Stop when you hit the ocean. Or else it might hit you back.
04.25.2013 - 05.05.2013 98 °F
The local police chief wanted to practice his English.
That was why he was paying us a social visit in the dining room of the big house where we were renting a room for the night. So Risa and I talked to him about our trip and our route, his family and his work. I wandered off to find a bucket of water for the evening´s ¨shower¨ and when I rejoined them, Risa had secured his phone number- and an invitation for us to stay with him and his family when we were to pass through Valledupar in a week or two.
A week and a half later we rolled into town just in time for the annual festival of accordion music (and whiskey). The country´s biggest festival, the Vallento folk music is characterized by accordion players who are bigger celebrities than most rock stars. It is also characterized by Old Parr Whiskey, to the extent that Valledupar is often referred to as Valle Old Parr, as every other person is seen to be clutching either an accordion or a bottle of Old Parr Whiskey, or both.
Every hotel in town was booked solid, and had been for months. Not to worry, the police chief had come home to see his family and we could stay with him! We even went out that evening to listen to music together, which wasn´t easy, as the main plaza was jam packed full of bands from all over Colombia, each with a small cluster of plastic chairs around them, all trying to out do each other playing faster and louder and all together making the most outrageous cacophony of sound imaginable.
In the midst of this melee, Risa and I decided to try our salsa moves out on this accordion music...no easy feat under the circumstances, but even harder when considering we were surrounded equidistant by 3 different bands playing 3 different songs. We danced faster and faster to the beat of all three until finally finishing with a dramatic dip, when we looked up to see a crowd had gathered around us as we danced and was now clapping and cheering for us! A man rushed up to shake our hands and poured us each a shot of Old Parr, and then the music was off and running again.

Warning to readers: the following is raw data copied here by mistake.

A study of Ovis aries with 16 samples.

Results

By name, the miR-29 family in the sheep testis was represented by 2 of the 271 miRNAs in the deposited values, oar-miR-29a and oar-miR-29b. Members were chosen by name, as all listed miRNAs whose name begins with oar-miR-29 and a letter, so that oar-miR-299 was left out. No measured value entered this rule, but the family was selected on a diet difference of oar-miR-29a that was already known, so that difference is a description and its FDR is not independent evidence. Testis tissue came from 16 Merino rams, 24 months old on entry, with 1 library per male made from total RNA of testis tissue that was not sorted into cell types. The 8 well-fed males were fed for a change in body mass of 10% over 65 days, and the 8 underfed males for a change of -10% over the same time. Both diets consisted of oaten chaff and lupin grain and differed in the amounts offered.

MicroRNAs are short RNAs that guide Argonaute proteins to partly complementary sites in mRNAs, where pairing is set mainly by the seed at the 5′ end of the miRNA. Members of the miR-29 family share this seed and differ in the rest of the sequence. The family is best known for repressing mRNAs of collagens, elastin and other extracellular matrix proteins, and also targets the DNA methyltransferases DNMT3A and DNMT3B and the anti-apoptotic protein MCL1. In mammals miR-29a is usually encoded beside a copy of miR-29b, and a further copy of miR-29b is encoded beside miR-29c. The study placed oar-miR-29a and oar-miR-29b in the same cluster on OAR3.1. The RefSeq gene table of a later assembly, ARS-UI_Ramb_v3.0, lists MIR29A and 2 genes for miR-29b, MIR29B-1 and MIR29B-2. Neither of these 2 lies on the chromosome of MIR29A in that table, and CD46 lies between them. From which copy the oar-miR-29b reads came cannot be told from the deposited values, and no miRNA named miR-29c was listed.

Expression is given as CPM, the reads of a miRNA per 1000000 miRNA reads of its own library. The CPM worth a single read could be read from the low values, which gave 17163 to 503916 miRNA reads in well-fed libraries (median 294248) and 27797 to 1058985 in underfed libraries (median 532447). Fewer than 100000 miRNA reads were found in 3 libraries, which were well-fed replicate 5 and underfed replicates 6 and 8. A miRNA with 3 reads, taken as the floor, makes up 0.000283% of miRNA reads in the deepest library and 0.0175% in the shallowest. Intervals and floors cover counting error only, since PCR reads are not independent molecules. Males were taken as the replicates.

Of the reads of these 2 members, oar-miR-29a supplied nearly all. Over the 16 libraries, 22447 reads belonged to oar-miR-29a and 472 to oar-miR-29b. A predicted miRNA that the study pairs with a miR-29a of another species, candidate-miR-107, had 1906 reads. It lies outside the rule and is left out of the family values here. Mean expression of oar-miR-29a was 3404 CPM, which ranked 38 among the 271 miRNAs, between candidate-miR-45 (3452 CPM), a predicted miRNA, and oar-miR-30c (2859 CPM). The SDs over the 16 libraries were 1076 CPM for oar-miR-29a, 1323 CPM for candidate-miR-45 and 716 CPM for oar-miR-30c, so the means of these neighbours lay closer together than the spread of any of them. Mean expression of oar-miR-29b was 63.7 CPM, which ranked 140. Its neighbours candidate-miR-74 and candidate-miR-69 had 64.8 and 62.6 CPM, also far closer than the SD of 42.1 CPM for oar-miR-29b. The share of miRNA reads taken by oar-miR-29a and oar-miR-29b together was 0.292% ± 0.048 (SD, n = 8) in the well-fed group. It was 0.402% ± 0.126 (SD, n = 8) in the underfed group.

The next day after many thanks for the hospitality and farewells, we were off, headed west toward Cartegena and the end of our trip...or were we?
Each day found us in a similar routine as we crossed the hot, humid, and still region of the Rio Magdelena, leaving the cool following trade winds behind us. Awake at first light and on the road before the heat of the day gradually sapped all motive energy and found us seeking shelter, ice cream, and fruit juice, not necessarily in that order. We couldn't stop. Not that each day was an epic, though we had those too; we did manage to enjoy hammocks, coconuts, accordions, and flamingos, even as we took only one non-biking rest day in 17 days of otherwise perpetual motion.
Then we hit the cross roads; turn right for Cartegena, left for everywhere else. Naturally we turned left, unable to take the direct route anywhere, and proceeded on our manic way until we hit the ocean again. There we checked ourselves into a non-brothel, non-dirtbag hotel with a kitchen, made ourselves some gringo pasta, and resolved not to leave our hammocks except to get more beer or fruit salad. And so our perpetual motion disorder was, if not cured, put into remission for awhile.